A Chance in the World – Movie Review

In theaters on Tuesday, May 30th only

a one-night event only



Eleanor Roosevelt once said “You gain strength, courage, and confidence by every experience in which you really stop to look fear in the face. You are able to say to yourself, I lived through this horror. I can take the next thing that comes along. You must do the thing you think you cannot do.” This quotation came to mind as I watched Stephen, the young boy in the movie “A Chance in the World,” go through the horrors of his daily life as a foster child of the Robinson family. Stephen dealt with things that no child should ever have to face, but thanks to his courage, and some help from his teacher, he escaped the situation and found not only safety, but true family.

The Story of Steve Pemberton

“A Chance in the World” chronicles the pre-teen and teenage years of Steve Pemberton, the foster child of the Robinson family. Stephen shares that he has been in more foster homes than he can count, and that his goal in life is simply to find out where he came from, who his real parents were. This goal permeates his story, always nagging at him. The story shows the horrors Stephen faces at the hands of Betty, Willie, and the two biological children in the Robinson family. Physical abuse, constant fear, and emotional abuse that will make your stomach turn. He is taught to say “house rules,” which include statements about how horrible he is and how no one will ever want him. He is beaten for things done by his siblings, or for no reason at all. And yet, he maintains excellent grades at school. Books are his go-to to escape his reality, and he is invited by one of his teachers, John Sykes, to be a part of a program for underprivileged youth that will lead to scholarship opportunities for college. Throughout the story, Mr. Sykes really takes Stephen under his wing, trying to help him in any way he can.

Facing Fear Head On

When Stephen finally came to the decision that he wouldn’t take anymore, he went to his case worker for help. Unfortunately the process of getting out was pretty scary. It led to Stephen fearing for his life, but he was able to escape and get the help he needed. Stephen learned what Eleanor Roosevelt was talking about when she said that looking fear in the face and doing the thing you think you cannot do will lead to strength, courage, and confidence. Stephen ended up in a much better situation, with true family, even though they were not biological. He found support, trust, and love. He left his horrible past behind him, and made a great future for himself through his hard work. The story of redemption is strong in this movie, as Stephen is redeemed from a childhood of pain because of his courage. If he never had the courage to speak up against his abusers, his life would have looked very different. If a teacher hadn’t stepped up to help a bright, but needy young man, he may not be where he is today. A Chance in the World is a story of courage, a story of the importance of speaking out against injustice and stepping in to help, and a story of redemption.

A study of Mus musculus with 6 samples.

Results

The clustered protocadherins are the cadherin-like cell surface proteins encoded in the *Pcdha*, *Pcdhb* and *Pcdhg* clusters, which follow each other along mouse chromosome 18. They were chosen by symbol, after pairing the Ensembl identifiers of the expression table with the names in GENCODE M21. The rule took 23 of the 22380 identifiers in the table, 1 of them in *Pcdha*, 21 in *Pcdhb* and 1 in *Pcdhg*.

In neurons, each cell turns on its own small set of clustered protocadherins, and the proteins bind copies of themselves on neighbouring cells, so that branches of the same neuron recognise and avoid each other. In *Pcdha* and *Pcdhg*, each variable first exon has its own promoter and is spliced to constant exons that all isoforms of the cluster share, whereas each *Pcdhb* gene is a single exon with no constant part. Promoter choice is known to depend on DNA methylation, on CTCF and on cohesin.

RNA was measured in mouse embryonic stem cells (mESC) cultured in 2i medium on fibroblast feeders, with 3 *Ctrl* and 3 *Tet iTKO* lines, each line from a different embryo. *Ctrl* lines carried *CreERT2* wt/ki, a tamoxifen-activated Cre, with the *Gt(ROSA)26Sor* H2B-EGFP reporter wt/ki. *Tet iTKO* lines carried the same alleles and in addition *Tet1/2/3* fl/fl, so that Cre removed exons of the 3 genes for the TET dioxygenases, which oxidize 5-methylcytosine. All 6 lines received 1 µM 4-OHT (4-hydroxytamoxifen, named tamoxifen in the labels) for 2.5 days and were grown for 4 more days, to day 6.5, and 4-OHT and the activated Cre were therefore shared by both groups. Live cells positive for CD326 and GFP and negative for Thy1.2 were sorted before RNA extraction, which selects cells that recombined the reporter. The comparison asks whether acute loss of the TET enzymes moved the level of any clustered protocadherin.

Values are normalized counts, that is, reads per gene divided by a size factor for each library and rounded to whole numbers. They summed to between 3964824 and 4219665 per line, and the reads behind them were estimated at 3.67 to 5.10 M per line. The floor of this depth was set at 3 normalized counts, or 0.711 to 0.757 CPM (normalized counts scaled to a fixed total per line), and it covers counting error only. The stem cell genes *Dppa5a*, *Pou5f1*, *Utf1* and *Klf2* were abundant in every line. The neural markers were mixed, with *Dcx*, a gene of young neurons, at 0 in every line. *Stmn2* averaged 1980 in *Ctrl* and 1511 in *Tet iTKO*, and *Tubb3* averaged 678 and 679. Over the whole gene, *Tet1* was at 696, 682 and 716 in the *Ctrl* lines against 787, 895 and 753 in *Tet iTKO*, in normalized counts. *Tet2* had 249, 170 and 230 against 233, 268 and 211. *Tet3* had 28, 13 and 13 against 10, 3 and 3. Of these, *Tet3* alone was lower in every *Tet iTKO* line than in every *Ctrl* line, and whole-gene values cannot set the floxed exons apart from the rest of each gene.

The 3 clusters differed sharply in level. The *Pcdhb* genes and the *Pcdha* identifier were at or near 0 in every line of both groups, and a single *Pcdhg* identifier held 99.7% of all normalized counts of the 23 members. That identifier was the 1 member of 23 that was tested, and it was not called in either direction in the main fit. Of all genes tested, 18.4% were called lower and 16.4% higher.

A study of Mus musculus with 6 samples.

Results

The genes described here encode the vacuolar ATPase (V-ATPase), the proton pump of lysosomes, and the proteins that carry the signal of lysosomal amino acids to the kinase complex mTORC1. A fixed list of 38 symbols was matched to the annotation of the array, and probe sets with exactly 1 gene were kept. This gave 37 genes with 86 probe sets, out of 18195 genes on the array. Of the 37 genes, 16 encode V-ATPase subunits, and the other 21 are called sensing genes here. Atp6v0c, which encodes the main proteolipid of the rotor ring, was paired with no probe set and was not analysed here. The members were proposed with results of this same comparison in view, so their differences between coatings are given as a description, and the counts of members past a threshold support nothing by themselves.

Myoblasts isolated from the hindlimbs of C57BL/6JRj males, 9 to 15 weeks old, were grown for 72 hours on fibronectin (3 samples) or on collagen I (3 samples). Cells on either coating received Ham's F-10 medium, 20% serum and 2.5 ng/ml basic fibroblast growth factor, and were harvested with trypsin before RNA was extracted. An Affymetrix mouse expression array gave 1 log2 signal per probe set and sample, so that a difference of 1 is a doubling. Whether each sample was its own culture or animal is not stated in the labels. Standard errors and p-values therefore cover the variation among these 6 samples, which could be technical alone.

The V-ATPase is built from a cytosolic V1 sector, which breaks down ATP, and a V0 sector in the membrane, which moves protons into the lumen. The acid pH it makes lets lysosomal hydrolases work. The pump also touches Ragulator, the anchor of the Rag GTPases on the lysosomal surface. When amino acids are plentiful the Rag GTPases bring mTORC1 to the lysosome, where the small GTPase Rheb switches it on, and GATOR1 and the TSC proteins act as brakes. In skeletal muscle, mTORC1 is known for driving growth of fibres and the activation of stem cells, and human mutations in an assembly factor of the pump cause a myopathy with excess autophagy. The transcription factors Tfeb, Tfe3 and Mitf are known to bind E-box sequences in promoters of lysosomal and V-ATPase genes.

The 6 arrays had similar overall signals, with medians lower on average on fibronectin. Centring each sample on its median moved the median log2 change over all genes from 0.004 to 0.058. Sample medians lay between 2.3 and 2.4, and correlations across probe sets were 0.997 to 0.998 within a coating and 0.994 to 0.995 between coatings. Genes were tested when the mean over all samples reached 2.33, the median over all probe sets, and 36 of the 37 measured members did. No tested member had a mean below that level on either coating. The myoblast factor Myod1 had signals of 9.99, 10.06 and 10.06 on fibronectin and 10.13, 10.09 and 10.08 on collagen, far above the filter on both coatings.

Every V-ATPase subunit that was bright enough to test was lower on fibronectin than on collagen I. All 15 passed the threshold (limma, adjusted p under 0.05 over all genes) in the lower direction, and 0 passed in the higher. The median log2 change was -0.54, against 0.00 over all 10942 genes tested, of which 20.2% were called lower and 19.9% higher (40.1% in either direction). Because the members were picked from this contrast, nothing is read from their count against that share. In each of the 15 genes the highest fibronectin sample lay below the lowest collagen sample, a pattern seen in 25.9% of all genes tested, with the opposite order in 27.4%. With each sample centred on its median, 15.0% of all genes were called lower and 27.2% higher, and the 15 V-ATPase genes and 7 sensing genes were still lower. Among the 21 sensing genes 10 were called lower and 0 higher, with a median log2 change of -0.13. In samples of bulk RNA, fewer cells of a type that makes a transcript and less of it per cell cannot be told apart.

What Now?

The horrors that this Stephen faced literally kept me awake at night. I couldn’t get the “house rules” about his worthlessness out of my head. I wanted to put Betty Robinson through everything she put him through. “It’s just a movie,” I told myself, trying hard to fall asleep. But I knew it was more than that. I knew it was reality for the real character the movie was based on. And while I may not know them personally, I know there are kids out there living through their own horrors. And I knew that the real reason I was lying awake wasn’t because of Steve Pemberton’s story, but because of the many stories that I am quite certain unfold in my own city every day. A Chance in the World is a gripping movie, one that is tough to watch at times, but one that will stay with you, and move you to take action. You may not be able to be a foster parent or to adopt, but you can help provide care for children while their foster parents receive training, you can donate to shelters that help neglected or abused children, you can provide respite care for foster parents in need of a break, and you can pray. You can take Steve Pemberton’s example of courage, and speak out against injustice. Perhaps, if we all do our part, we can provide more children a chance in the world.

 

Only in movie theaters for one night!


Julie is a life-long Hoosier, wife, and mother of two. When she is not working in her pharmacy, she spends her time with her husband and daughters in Indianapolis. She is a member of Geist Christian Church and enjoys playing outside with her girls, finding fun things to do in Indy, watching football, and reading bedtime stories.